COVID-19’s Impact on the Entertainment Industry

Since the start of the COVID-19 pandemic, the disease has played havoc with the world, killing hundreds of thousands of people. The impact has also been felt in the global economy.

Just one facet of that has been the disease’s impact on the entertainment industry. Numerous films, video games, and TV shows have been delayed and otherwise impacted by the virus.

Today, we’re taking a closer look at some of the huge impacts the virus has had on the entertainment we all love.

Movie Theater

There are few places that are in a worse position for a pandemic than movie theaters. Enclosed spaces where people sit close together, snack on food openly, and laugh and talk are essentially COVID breeding grounds.

Due to this, many films were delayed, starting in March. Films like Black Widow, the Eternals, Mulan, and countless others all saw their release dates either pushed back or moved to digital streaming.

Some silver linings of this have been films that have come to home streaming early. For instance, the film version of Hamilton hit Disney Plus roughly a year before it was meant to arrive in theaters. This was huge for the super-popular Broadway musical.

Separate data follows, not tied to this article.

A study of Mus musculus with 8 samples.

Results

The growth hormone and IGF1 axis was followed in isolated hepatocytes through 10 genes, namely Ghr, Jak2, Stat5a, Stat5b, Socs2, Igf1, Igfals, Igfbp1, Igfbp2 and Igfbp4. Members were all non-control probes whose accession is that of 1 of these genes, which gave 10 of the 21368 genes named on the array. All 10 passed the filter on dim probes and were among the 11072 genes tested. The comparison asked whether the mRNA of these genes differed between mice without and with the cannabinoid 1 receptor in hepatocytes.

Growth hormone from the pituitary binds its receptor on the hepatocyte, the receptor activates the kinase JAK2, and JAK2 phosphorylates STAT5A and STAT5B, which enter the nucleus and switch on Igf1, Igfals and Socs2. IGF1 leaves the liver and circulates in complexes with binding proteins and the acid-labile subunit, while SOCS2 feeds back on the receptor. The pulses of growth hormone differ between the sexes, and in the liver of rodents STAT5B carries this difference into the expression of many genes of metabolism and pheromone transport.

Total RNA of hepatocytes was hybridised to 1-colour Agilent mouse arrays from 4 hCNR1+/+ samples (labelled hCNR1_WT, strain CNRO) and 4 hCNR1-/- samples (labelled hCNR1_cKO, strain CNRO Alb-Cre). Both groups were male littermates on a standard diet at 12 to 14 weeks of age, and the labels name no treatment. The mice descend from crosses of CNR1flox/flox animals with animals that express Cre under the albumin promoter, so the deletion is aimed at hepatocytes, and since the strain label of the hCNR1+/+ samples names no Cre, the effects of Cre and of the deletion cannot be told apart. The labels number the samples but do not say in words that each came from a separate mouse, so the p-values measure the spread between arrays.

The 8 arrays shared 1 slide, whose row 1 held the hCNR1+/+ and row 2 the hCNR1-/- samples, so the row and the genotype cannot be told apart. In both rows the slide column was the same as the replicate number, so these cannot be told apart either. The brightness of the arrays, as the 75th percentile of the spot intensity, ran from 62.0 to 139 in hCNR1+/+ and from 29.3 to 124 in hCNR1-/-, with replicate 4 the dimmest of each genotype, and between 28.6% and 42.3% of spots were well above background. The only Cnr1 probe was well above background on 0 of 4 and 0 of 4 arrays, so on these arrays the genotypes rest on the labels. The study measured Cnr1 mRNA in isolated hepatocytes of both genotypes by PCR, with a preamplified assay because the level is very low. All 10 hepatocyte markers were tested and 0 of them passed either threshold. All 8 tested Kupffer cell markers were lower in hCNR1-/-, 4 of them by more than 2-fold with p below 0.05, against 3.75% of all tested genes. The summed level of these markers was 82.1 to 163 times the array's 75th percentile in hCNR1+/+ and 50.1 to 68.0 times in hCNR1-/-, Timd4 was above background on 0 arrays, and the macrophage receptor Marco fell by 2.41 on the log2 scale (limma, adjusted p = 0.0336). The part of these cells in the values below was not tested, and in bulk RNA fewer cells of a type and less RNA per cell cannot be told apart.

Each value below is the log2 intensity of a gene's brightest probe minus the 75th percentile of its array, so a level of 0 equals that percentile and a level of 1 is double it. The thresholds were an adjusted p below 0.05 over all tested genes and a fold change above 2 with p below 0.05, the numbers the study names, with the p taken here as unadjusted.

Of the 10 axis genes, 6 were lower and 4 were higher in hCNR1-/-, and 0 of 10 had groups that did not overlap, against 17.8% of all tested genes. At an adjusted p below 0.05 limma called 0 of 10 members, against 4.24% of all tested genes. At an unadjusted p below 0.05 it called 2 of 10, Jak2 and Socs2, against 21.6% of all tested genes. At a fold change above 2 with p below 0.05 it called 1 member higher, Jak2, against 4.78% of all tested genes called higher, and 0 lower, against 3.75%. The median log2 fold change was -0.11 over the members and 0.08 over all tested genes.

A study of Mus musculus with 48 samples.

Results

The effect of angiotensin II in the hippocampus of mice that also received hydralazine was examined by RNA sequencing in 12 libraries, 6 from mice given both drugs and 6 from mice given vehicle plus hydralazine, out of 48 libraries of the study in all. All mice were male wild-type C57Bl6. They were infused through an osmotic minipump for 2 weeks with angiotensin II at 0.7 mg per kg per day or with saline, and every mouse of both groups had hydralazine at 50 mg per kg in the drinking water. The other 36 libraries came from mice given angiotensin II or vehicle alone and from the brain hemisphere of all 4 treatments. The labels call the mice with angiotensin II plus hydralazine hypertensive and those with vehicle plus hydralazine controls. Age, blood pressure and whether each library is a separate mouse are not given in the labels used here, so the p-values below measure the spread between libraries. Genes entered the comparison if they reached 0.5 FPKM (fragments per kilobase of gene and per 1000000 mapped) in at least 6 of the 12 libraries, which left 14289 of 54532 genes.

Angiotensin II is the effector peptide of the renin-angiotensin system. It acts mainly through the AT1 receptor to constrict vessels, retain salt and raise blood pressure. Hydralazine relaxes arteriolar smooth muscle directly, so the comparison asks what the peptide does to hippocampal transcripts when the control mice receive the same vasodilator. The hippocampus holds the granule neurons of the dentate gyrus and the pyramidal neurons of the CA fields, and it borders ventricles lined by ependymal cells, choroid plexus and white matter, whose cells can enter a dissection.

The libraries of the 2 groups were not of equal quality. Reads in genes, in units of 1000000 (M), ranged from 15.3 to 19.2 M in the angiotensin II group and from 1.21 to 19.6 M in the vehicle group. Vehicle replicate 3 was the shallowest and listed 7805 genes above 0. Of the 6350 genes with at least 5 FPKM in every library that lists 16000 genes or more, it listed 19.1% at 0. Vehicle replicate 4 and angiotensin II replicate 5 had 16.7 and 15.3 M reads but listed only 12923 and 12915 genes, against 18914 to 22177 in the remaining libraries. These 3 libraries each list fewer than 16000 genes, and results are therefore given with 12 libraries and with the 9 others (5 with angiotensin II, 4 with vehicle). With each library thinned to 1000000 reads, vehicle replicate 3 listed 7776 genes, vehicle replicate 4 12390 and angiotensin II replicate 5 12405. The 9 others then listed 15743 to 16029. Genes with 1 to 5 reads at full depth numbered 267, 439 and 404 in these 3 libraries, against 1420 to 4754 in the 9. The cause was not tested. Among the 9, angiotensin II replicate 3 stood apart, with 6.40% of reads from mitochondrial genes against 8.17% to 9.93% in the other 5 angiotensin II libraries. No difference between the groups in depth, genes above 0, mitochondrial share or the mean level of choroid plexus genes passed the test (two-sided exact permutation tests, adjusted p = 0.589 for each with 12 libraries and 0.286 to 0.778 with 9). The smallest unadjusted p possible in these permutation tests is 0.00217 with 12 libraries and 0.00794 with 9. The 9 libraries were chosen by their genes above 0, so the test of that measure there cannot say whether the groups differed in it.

The Batman

Production on The Batman, which had recently restarted, was halted again when Robert Pattinson was diagnosed with COVID-19.

Pattinson, who plays the title character, is 34 with no known underlying medical issues, so is expected to make a full recovery from the disease. Typically, younger people have fewer complications relating to COVID-19. However, his diagnosis still shocked many fans of the actor.

Many people were surprised that a Hollywood actor involved in a major production contracted the disease. Some had presumed the actor would be taking pains to avoid unnecessary exposure to the virus.

Production is expected to resume when Pattinson has recovered from the virus.

Nintendo

This was supposed to be a huge year for Nintendo. Super Mario’s 35th Anniversary celebration was to coincide with the 2020 Tokyo Olympics. Moreover, the event was going to overlap with the opening of the Super Mario theme park in Tokyo.

Needless to say, all of those plans were decimated by the pandemic.

Instead of having a massive showing for their Mario anniversary content at E3 2020 (which was also canceled), Nintendo had to make do with a low-key Direct announcement.

While fans are still excited for the upcoming remasters of classic games, it’s hard to not think about how great the year might have been. A year-long celebration of gaming’s most recognizable face was instead reduced to a footnote in the otherwise bleak and awful year dominated by a pandemic and civil unrest.